The Status of Women of Color in the Workplace® 2021
The report targets critical areas for women of color at work and encompasses feedback from women of diverse backgrounds, spanning across different sectors. Our respondents disclosed whether their experiences were positive or negative and whether their current place of work was where they foresaw long-term or transitional employment based on their pay, roles, responsibilities, and everyday experiences.
Navigating the workplace is complex. For women of color, it is far more complicated. First, they have to overcome politics in the workplace. What you know will take you far. However, who you know can take you where you want to go. In addition, women of color must develop immunity towards the biases, discrimination, and microaggressions that accompany being both a woman and a person of color. These are issues faced by many who find themselves at the intersection of identities, whether they are gender, race, sexual orientation, or disability. This concept is known as ‘Intersectionality.’ Women of color face an emotional tax.
Thwarting their advancement can have a detrimental impact on their well-being and eventually result in them leaving their workplaces. Those that go through discrimination are more likely to opt-out of their jobs. Bias and discrimination are incredibly harmful to those experiencing it and to companies alike, who risk losing talented employees that can bring value to the firm. Through this report, women of color can learn how to overcome their experiences by advocating for themselves. Their counterparts can learn how to become allies, mentors, or sponsors. Leaders, managers, and HR professionals can take what you learn back to their companies and teams to improve company culture and revenue.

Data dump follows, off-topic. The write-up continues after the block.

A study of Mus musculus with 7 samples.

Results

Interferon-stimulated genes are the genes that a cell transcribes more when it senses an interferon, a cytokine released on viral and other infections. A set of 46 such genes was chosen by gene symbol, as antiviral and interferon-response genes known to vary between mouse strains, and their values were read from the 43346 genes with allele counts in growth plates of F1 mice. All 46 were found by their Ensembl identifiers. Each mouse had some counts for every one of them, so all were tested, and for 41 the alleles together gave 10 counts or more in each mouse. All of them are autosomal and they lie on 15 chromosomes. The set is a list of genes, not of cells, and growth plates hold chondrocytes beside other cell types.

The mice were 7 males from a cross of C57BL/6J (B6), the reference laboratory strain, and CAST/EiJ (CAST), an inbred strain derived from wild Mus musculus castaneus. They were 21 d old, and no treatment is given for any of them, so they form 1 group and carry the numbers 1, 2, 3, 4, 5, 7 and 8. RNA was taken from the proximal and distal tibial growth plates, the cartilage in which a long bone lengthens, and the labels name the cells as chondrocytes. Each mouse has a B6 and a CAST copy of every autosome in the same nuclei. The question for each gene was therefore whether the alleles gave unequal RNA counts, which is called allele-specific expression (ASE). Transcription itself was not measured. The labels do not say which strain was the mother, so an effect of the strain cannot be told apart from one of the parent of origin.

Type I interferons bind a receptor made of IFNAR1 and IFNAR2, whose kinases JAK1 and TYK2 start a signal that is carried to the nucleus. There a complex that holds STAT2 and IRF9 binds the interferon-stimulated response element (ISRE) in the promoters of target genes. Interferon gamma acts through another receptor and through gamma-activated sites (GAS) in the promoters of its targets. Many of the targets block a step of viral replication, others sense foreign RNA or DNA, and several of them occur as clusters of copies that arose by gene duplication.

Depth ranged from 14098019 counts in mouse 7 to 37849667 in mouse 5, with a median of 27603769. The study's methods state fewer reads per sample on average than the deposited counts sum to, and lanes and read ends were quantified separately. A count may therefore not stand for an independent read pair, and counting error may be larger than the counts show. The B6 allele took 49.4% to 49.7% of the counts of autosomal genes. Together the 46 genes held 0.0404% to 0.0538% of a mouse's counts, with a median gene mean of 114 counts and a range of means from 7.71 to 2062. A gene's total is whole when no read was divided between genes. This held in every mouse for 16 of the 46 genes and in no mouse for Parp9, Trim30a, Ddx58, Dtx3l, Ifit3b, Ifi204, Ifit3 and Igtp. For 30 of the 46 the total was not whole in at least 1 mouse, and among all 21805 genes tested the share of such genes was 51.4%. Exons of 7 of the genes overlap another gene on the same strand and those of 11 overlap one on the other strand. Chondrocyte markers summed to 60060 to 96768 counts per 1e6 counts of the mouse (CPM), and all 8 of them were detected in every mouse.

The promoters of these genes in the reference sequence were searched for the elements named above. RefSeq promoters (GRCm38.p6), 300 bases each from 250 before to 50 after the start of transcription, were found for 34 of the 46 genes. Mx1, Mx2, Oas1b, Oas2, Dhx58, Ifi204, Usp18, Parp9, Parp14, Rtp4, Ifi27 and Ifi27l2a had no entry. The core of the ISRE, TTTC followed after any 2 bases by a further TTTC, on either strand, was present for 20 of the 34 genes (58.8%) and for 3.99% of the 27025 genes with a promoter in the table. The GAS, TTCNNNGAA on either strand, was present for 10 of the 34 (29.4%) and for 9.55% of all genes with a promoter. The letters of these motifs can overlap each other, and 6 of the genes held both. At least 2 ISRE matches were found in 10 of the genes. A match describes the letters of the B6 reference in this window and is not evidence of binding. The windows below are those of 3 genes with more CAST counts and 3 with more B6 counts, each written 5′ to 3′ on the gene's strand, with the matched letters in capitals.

There are some positive and negative findings in our study. The good news is that more than 50% of women of color have an ally, mentor, or sponsor at work and are negotiating their compensation. In addition, women of color are a highly educated group. The majority of our respondents have received post-secondary education.
The bad news is that more than 50% of women of color are unhappy with their current place of work and their talent continues to be underutilized. As a result, a vast majority of women of color foresee opting out of their current workplace.
Many women of color are willing to stay at their current job if there are opportunities for them to grow professionally or if their company will aid in improving their quality of life. About half of our respondents responded before the Covid-19 stay-at-home order. There may be a slight shift in whether some may be working from home or not. Yet, based on the responses in our study, flexibility at work seems to be critical to women of color.
Even though women of color are making progress in the workplace, they still have barriers to overcome. To get over them, women of color need their companies to invest in diversity-equity-inclusion programs to ensure they are valued, have opportunities to advance, and are compensated fairly.